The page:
Perhaps now the international community will admit just how badly it underestimated Kim Jong Un.
When the almost unknown young man ascended the throne of North Korea in 2011, his hair awkwardly styled to resemble his grandfather’s, he was laughed at and some wondered how long he would last.
The patronising grins started to fade when the senior officials that Mr Kim had inherited from his father began to disappear and were replaced by younger men close to the new leader. They faded further when he began to test missiles. By the time he had had both his uncle and his half-brother killed and had detonated a hydrogen bomb, the grins had vanished completely.
Mr Kim was no child king but a ruthless and brutally effective ruler in the toughest North Korean tradition.
But there is another side to him. People who have met Mr Kim describe a smiling, affable man, devoted to his family, with a ready laugh and a ready wit. He is very different from his reclusive father, who disliked making speeches or appearing in public – releasing written messages instead of delivering a traditional New Year’s Day speech.
Kim Jong Un not only reinstated the tradition of a direct address to his people but started to appear in person at political meetings and to make speeches there too.
He seems to enjoy public events. The Chinese, whose leaders have now spent many hours with him, say too that he thinks strategically, that when he speaks he is always crisp and to the point, and that he is well informed and reads his briefs carefully. They also say that he is careful to put people at their ease and that, leader though he is, he is always careful to show deference to older men.
It is now also clear that he is very clever, or at least is prepared to listen to sound advice. Both in the run-up to Tuesday’s summit and at the summit itself, he comprehensively out-manoeuvred Donald Trump.
Mr Kim has walked away with the cherished prize of the first-ever meeting between a North Korean leader and a serving US president without having to concede more than a ritual repetition of North Korea’s commitment to the complete denuclearisation of the Korean Peninsula. Did Mr Trump realise that this formula was first used in 1992 and has had no effect at all on North Korea’s determination to develop missiles and nuclear weapons?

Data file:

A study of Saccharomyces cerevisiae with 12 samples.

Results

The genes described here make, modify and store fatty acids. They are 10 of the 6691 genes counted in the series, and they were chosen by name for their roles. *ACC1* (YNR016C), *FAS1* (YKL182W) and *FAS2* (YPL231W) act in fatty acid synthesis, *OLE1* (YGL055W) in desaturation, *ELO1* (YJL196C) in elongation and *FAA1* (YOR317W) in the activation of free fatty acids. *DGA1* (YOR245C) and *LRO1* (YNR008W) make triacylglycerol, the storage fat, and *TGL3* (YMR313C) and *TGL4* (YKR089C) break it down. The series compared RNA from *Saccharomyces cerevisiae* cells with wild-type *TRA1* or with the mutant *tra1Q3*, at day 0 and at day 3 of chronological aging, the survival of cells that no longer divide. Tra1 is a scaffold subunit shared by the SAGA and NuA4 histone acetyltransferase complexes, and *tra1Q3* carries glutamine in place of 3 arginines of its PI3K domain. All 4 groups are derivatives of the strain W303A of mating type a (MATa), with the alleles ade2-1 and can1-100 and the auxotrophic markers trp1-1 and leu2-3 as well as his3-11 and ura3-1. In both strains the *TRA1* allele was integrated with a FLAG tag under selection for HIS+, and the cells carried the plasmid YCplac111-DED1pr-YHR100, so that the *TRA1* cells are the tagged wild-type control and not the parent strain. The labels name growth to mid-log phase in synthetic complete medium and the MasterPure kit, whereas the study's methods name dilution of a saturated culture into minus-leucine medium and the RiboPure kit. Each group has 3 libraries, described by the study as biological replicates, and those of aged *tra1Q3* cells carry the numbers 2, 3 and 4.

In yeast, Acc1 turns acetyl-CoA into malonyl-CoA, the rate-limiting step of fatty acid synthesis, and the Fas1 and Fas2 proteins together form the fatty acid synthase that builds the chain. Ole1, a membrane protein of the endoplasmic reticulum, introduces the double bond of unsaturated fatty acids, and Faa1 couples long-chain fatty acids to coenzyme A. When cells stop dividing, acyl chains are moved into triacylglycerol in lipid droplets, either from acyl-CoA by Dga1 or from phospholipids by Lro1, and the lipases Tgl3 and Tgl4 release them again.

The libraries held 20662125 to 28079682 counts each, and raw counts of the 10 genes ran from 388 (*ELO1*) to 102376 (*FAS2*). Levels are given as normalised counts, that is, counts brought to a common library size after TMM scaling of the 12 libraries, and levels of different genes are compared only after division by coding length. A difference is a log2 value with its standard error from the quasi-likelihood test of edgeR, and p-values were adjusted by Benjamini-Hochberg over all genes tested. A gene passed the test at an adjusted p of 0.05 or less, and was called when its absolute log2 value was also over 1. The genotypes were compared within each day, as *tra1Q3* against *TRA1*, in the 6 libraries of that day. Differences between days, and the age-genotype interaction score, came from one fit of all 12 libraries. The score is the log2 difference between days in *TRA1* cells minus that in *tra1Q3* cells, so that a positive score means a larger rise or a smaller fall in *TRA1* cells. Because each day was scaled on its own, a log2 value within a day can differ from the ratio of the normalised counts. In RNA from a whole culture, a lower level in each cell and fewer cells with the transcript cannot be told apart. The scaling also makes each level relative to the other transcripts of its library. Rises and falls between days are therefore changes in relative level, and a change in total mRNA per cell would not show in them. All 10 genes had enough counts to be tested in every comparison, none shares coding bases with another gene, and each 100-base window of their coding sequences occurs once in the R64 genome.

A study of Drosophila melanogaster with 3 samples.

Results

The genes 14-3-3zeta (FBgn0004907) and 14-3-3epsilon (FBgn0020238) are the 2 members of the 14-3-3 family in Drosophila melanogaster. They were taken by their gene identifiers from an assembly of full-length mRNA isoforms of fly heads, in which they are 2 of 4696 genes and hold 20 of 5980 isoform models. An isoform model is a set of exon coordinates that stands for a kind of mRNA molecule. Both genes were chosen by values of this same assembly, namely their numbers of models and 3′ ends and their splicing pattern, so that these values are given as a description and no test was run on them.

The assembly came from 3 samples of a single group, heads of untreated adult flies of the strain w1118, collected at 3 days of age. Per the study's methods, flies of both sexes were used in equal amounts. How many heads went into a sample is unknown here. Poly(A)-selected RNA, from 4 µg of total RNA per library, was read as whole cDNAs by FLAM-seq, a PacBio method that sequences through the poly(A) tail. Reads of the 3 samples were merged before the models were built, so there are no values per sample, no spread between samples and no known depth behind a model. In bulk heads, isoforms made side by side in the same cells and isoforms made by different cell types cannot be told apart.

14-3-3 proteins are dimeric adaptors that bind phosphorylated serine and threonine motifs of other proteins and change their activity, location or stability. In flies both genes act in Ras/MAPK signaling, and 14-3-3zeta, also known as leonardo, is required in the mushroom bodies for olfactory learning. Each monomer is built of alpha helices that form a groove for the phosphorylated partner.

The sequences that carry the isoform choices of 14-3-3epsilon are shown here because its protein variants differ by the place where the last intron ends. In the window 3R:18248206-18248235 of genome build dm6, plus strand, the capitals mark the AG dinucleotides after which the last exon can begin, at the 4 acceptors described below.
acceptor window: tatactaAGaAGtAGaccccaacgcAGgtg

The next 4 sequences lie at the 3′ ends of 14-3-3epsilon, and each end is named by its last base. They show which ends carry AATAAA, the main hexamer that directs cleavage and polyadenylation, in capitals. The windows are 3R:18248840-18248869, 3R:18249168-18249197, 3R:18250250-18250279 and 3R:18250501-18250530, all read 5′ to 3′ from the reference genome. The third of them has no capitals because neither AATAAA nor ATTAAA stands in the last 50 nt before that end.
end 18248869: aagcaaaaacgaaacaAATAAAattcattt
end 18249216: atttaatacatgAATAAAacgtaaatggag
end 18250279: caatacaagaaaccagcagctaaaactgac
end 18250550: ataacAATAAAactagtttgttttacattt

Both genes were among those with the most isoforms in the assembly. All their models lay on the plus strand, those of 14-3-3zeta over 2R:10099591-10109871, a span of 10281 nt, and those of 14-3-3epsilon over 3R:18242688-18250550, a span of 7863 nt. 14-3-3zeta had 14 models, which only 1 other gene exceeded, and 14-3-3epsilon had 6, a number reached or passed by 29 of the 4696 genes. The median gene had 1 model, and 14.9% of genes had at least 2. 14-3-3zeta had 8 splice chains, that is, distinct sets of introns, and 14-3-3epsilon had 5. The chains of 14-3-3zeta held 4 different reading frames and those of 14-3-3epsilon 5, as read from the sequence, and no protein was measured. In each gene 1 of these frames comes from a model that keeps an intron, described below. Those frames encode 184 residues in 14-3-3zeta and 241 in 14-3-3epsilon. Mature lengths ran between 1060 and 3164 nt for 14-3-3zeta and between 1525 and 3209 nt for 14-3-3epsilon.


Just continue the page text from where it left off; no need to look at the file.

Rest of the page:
At the summit, having arrived slightly early to show deference to a US president nearly twice his age (Asians will have noticed this courtesy), he exuded power through a calm stillness that contrasted sharply with Mr Trump, who sometimes seemed anxious to hurry proceedings on. His remark that some might think that the summit was like a scene from a science fiction film showed a wit and a wry detachment that we rarely see from Mr Trump.
The curious delay between the working lunch and the signature of the joint statement, and the delay in the circulation of the statement afterwards, suggest that Mr Kim had engineered last-minute changes to the document, catching the Americans off guard and leveraging the knowledge that Mr Trump wanted a document much more than he did.
Then, after the summit, Mr Kim simply left – leaving the president to face the media.
Mr Trump repeatedly told journalists what he thought Chairman Kim wanted or would do. In effect, Kim Jong Un had recruited the president of the United States as his press spokesman.
The president was quite right to reaffirm at that news conference that Kim Jong Un is talented. He was equally right to observe that that does not mean that he is nice.
Singapore was Mr Kim’s day, a coming out party at which he showed conclusively that, small poor and repressed though North Korea is, he plans to keep it right at the centre of the world stage. Kim Jong Un will never again be laughed at.